We may be down to the dregs in this, our third list of the best coffee moments in movies. But there’s still lots of laughs, lots of emotion, and lots of java to be found in the annals of filmmaking. We took suggestions from readers and managed to come up with eight more movies (one with two scenes that make the cut) with memorable roles for a good cup of joe.
In the fourth Dirty Harry movie, Clint Eastwood’s iconic character utters one of his most iconic lines — and he does it over a cup of coffee. He foils an attempted robbery at his regular coffee shop, because he knows there’s no way his favorite waitress would put sugar in his drink. As the last thief tries to hold a customer hostage, Eastwood points his Smith & Wesson at him and calmly says, “Go ahead — make my day.”
Arguably any segment from this Jim Jarmusch collection of shorts could qualify for this list, but the one most people seem to remember features RZA and GZA from Wu-Tang Clan chatting about the effects of caffeine with an incognito Bill Murray.
“Crisp and clean, no caffeine,” declares herbal tea enthusiast RZA.
GZA tells Murray he quit drinking coffee because it made him “dream faster,” and the frame rate of the film speeds up and jitters.
“Don’t you know caffeine can cause serious delirium?” concludes RZA.
“Well NOW you tell me,” responds Murray as he chugs directly from the coffeepot.
This Robert DeNiro movie has not one but two classic coffee-related scenes. In the first, DeNiro’s character surreptitiously spills his own coffee so that he can knock over another cup and test the reflexes of one of his new partners in crime, played by Stellan Skarsgård. “Good reflexes,” DeNiro says as Skarsgård snatches the cup in midair, adding that information to his mental Rolodex. “They die hard,” responds Skarsgård.
In the second, DeNiro attempts to intimidate another fellow criminal who he believes is a fraud, played by Sean Bean, and pushes him backward into a strategically placed cup of coffee. When the coffee spills on Bean, it distracts him long enough for DeNiro to disarm him. “I just ambushed you with a cup of coffee,” taunts DeNiro, chastising Bean for attempting to contribute to their strategic planning.
Police union treasurer Bob gets abused even more than the hapless cop Will Ferrell plays in this Adam McKay comedy. “What do you do around here other than interrupt people?” asks Mark Wahlberg’s benched detective.
“I make a wicked pot of decaf,” Bob responds.
“Exactly, you’re a worthless piece of shit,” Wahlberg concludes. What good is decaf coffee in a police station?
It’s just a fleeting moment in the film, Tom Hanks taking a breath after storming the beach at Normandy. But as he watches fellow soldiers pour coffee, eat sandwiches, and shave their faces, he stands stunned, unable to reconcile the horrors he just experienced with the seeming normalcy of all these banal activities.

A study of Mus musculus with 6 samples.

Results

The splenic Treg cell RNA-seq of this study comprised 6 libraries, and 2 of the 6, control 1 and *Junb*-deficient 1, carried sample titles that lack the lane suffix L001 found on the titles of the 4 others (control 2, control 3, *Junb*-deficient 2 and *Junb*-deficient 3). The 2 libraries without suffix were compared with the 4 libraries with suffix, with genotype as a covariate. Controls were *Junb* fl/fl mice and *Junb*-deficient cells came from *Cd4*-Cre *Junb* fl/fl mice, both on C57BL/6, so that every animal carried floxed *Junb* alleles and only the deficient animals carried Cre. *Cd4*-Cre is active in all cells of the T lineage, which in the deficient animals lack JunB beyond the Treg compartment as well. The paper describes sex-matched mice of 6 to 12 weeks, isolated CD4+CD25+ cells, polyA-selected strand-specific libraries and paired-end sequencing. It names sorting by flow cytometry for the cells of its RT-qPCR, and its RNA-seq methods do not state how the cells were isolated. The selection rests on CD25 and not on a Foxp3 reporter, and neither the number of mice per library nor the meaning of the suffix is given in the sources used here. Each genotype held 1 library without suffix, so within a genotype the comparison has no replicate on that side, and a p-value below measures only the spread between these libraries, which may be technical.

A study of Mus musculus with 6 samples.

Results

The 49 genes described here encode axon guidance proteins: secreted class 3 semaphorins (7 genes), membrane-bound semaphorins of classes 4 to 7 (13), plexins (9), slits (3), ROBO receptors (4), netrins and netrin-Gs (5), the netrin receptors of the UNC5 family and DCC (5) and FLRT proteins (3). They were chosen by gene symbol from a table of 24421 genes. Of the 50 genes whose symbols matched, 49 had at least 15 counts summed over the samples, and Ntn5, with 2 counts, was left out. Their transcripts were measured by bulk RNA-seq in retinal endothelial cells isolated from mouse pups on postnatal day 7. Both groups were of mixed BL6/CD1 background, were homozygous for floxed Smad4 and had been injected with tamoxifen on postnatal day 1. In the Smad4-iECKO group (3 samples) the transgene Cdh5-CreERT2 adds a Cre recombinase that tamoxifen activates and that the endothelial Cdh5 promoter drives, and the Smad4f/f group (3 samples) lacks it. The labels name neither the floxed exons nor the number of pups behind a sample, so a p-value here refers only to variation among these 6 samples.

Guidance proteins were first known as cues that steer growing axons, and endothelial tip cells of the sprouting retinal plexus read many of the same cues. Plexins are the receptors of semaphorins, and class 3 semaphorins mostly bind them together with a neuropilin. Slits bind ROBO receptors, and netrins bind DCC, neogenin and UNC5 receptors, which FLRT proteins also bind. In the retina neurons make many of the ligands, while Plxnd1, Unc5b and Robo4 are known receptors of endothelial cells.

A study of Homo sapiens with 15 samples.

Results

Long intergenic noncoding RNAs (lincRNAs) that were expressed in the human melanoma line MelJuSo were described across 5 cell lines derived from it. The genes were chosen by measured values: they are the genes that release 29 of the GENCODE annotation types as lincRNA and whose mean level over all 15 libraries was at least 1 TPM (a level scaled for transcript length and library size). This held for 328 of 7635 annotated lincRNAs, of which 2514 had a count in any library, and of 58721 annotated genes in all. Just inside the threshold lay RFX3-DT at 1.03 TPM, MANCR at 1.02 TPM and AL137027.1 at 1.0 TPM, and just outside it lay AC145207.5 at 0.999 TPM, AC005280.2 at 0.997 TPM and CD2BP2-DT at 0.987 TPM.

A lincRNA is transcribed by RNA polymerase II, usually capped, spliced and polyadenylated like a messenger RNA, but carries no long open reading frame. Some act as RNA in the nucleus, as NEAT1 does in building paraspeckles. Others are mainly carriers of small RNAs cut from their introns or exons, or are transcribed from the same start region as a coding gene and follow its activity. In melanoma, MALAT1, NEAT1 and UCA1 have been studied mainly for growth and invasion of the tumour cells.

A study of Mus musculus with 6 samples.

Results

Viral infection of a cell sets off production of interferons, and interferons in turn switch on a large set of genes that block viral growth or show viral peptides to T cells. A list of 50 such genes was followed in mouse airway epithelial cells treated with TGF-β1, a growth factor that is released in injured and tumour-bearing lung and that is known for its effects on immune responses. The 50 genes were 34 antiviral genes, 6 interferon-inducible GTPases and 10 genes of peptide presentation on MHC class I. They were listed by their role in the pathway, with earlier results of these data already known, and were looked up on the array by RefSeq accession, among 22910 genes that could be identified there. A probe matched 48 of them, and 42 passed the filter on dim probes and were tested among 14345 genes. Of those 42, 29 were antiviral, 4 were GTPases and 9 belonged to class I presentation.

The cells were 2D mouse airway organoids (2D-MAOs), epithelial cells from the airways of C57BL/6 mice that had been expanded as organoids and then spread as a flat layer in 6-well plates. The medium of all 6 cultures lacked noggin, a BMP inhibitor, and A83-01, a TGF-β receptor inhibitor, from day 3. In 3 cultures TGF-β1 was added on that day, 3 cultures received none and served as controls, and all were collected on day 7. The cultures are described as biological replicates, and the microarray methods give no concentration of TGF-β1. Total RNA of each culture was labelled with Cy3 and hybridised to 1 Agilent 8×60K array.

The “meet cute” might be a slightly tired movie trope, but this one at least has coffee to recommend it. A nameless young man, played by an exceedingly blond Brad Pitt, chats up Claire Forlani while she’s on break from her residency at the nearby hospital. He’s charming as can be, and a blushing Forlani shyly accepts his offer to buy her a cup of coffee. Sure, he dies in the next scene, but at least it’s sweet for a second.
This ensemble rom-com showcases the chemistry between Luke Wilson and Sarah Jessica Parker early on, despite the fact that Parker’s character is dating Wilson’s brother, played by Dermot Mulroney. After Parker is treated cruelly by the rest of the family at their Christmas gathering, Wilson offers her a cup of coffee in an effort at reconciliation. However, Parker is sitting in a car and can’t help but be flustered by Wilson standing with his groin at eye-level through the window. Always a good sign for a relationship when you can’t stop staring at your boyfriend’s brother’s package.
The second Jim Jarmusch film on this list is not as coffee-centric as the first one, but it does have a solid coffee scene — complete with an Iggy Pop cameo. Two zombies gruesomely devour the waitresses at a local coffee shop, but the siren song of two pots of coffee distracts them from their buffet of blood and guts. Little-known fact: The filmmakers did not actually have to apply any zombie makeup to Iggy Pop for this film. That’s just how he looks now.
Maggie BenZvi is a contributing editor for Coffee or Die. She holds a bachelor’s degree in political science from the University of Chicago and a master’s degree in human rights from Columbia University, and has worked for the ACLU as well as the International Rescue Committee. She has also completed a summer journalism program at Northwestern University’s Medill School of Journalism. In addition to her work at Coffee or Die, she’s a stay-at-home mom and, notably, does not drink coffee. Got a tip? Get in touch!